I have been using emacs for a while now. I would guess about five years. I would classify myself as a power user and not really a true emacs user. To be a ‘true’ emacs user you should at least be able to write elisp and generally hack emacs. Instead, I rely very heavily on existing elisp code and blogs. Of course, you can not mention emacs without pointing to http://emacswiki.org.
Writing about your dot emacs has become all the rage lately and I figured I would join in the fun. By writing about this I hope to do a few things;
- filter out the junk in my dot emacs
- get tips and/or ideas about what I can do better
- finally get the motivation to write some elisp
(setq my-init-dir "~/.emacs.lisp" my-pkg-dir (concat my-init-dir "/pkg") my-site-dir (concat my-pkg-dir "/share/emacs/site-lisp")) (load "~/.emacs.lisp/init.el")
And the ~/.emacs.lisp/init.el
(add-to-list 'load-path (expand-file-name "~/.emacs.lisp")) (add-to-list 'load-path (expand-file-name (concat my-init-dir "/pkg"))) (load "safe-load") (dolist (file (reverse (mapcar 'file-name-sans-extension (file-expand-wildcards (concat my-init-dir "/conf[0-9][0-9].d/[a-z-]*.el"))))) (safe-load (expand-file-name file))) (safe-load "keys.el")
I can not recall where I got this idea from, but it has served me well so far. As any *nix user will note, this is inspired by the rc.d runlevel concept. I can have conf00.d to conf99.d as sub directories to the main .emacs.lisp directory. This allows for relatively easy control of ‘boot’ order of various modes,apps,etc…
I have only been bitten by the implicit boot order a couple of times. Currently, I only have 0-3 and I am just thinking about adding a 4.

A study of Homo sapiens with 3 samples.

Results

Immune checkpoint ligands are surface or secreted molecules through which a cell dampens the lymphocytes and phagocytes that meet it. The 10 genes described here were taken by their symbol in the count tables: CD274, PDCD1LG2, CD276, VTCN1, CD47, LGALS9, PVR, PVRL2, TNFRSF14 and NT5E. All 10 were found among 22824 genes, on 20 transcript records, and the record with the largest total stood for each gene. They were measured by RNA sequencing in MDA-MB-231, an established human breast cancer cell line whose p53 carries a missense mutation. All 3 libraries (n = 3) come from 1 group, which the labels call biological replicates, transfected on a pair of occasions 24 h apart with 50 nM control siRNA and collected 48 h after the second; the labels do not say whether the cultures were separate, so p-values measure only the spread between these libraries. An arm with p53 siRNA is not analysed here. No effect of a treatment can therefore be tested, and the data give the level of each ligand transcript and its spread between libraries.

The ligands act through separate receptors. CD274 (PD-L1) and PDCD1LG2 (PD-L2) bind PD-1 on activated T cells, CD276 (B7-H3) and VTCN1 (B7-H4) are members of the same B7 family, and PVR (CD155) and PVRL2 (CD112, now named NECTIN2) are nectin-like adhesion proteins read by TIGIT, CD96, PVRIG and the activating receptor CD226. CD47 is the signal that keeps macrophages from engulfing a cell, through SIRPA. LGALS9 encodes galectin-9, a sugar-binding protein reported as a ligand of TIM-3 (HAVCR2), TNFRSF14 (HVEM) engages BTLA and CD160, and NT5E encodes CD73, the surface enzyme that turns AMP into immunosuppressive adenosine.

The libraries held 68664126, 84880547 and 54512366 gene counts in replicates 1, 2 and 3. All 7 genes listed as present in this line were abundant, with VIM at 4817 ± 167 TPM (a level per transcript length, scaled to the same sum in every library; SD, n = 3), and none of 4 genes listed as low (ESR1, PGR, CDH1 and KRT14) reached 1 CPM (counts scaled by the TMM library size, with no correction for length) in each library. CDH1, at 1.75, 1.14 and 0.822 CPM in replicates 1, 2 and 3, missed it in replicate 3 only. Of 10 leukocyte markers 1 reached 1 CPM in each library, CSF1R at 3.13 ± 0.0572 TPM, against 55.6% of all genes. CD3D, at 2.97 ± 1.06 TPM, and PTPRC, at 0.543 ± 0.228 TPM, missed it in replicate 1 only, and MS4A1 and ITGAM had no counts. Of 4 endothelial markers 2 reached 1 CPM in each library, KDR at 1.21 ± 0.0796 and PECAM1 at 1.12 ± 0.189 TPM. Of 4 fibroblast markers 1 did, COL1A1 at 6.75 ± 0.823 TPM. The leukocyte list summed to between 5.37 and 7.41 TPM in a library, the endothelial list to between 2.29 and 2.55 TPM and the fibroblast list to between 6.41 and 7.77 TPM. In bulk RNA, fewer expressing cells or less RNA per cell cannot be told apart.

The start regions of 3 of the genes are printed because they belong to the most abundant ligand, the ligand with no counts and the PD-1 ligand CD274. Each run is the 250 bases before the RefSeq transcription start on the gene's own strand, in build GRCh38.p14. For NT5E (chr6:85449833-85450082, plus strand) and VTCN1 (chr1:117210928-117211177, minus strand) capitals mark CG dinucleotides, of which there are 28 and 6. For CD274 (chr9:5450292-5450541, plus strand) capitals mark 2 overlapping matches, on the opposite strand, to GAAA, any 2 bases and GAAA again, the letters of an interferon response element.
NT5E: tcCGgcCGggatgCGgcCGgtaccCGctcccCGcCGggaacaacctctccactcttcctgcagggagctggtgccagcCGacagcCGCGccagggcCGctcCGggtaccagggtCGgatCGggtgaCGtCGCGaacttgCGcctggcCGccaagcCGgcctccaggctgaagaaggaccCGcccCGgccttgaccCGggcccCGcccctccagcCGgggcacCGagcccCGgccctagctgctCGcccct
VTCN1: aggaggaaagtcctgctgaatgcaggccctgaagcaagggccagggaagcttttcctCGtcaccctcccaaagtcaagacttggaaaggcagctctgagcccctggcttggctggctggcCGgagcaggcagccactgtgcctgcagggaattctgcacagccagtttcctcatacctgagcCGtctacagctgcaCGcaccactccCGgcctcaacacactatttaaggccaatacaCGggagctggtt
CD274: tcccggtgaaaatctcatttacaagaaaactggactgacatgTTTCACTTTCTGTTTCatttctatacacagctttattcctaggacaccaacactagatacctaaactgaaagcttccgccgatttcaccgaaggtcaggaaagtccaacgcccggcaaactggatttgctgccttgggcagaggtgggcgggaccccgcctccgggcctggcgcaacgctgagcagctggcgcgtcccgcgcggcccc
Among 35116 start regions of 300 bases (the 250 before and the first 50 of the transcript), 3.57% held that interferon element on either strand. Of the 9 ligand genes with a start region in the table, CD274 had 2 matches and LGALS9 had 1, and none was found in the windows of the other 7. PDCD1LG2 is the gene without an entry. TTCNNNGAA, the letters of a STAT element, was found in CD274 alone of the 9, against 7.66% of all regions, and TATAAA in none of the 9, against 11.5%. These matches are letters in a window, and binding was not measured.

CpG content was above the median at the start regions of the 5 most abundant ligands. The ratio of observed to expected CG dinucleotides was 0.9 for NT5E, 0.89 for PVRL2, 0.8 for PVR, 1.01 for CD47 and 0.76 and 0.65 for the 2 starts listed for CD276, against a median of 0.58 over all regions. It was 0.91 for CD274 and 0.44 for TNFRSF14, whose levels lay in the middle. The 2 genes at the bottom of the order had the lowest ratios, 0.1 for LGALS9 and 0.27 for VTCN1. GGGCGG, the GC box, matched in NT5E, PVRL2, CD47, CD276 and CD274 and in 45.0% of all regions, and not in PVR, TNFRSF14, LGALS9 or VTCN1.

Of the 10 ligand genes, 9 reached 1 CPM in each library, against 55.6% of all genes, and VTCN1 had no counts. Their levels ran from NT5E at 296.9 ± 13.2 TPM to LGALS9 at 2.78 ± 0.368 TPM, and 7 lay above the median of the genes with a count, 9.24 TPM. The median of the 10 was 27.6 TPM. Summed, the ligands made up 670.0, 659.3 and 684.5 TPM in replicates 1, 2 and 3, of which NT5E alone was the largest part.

One thing to note is the keys.el file is at the bottom, I wanted a single place to find all my global key bindings.
In later posts I will go over what is hiding in the conf00.d-conf03.d directories, but for now I will move on.
Here are some stats:
- 36 elisp files
- 854 loc
- 73 packages
I have still not found a way to deal with packages well at all. As the stat above shows, I have 73 of something via ls -l|wc -l.
I decided to put all pkgs under ~/.emacs.lisp/pkg Normally I just grab a release tarbal and extract it there. Then have the elisp file under conf??.d add the path to the load-path list and its working. Sometimes I do grab a clone of a repos and dump it in there too.
This works out ok, except that when the pkg needs to ./configure the parameters can get quite hairy, keeping the ‘install’ under ~/.emacs.lisp/pkg is messy then.
Of course I keep the entire ~/.emacs.lisp dir under hg, pushed to a remote server. This way I can pull onto my laptop or anyother random *nix and get my exact environment.
Does this work in practice? Not really.
Often times the ~/.emacs.lisp gets too far out of sync and I have to choose what to blow away. (I can be lazy with horrible merges.) Also having clones of other repos in ~/.emacs.lisp/pkg means I have to delete their .git or .hg and lose all of that info. (No I am not going to commit those dirs). Also, I get lazy and forget to commit and/or push and when I pull everything is ancient.
I like it, kind of
There are downsides to this method, finding where you configured something can be a pain, grep’ing files all the time does become tedious.
I would say it is a win so far. At least I have not discovered a better method for managing a huge emacs config.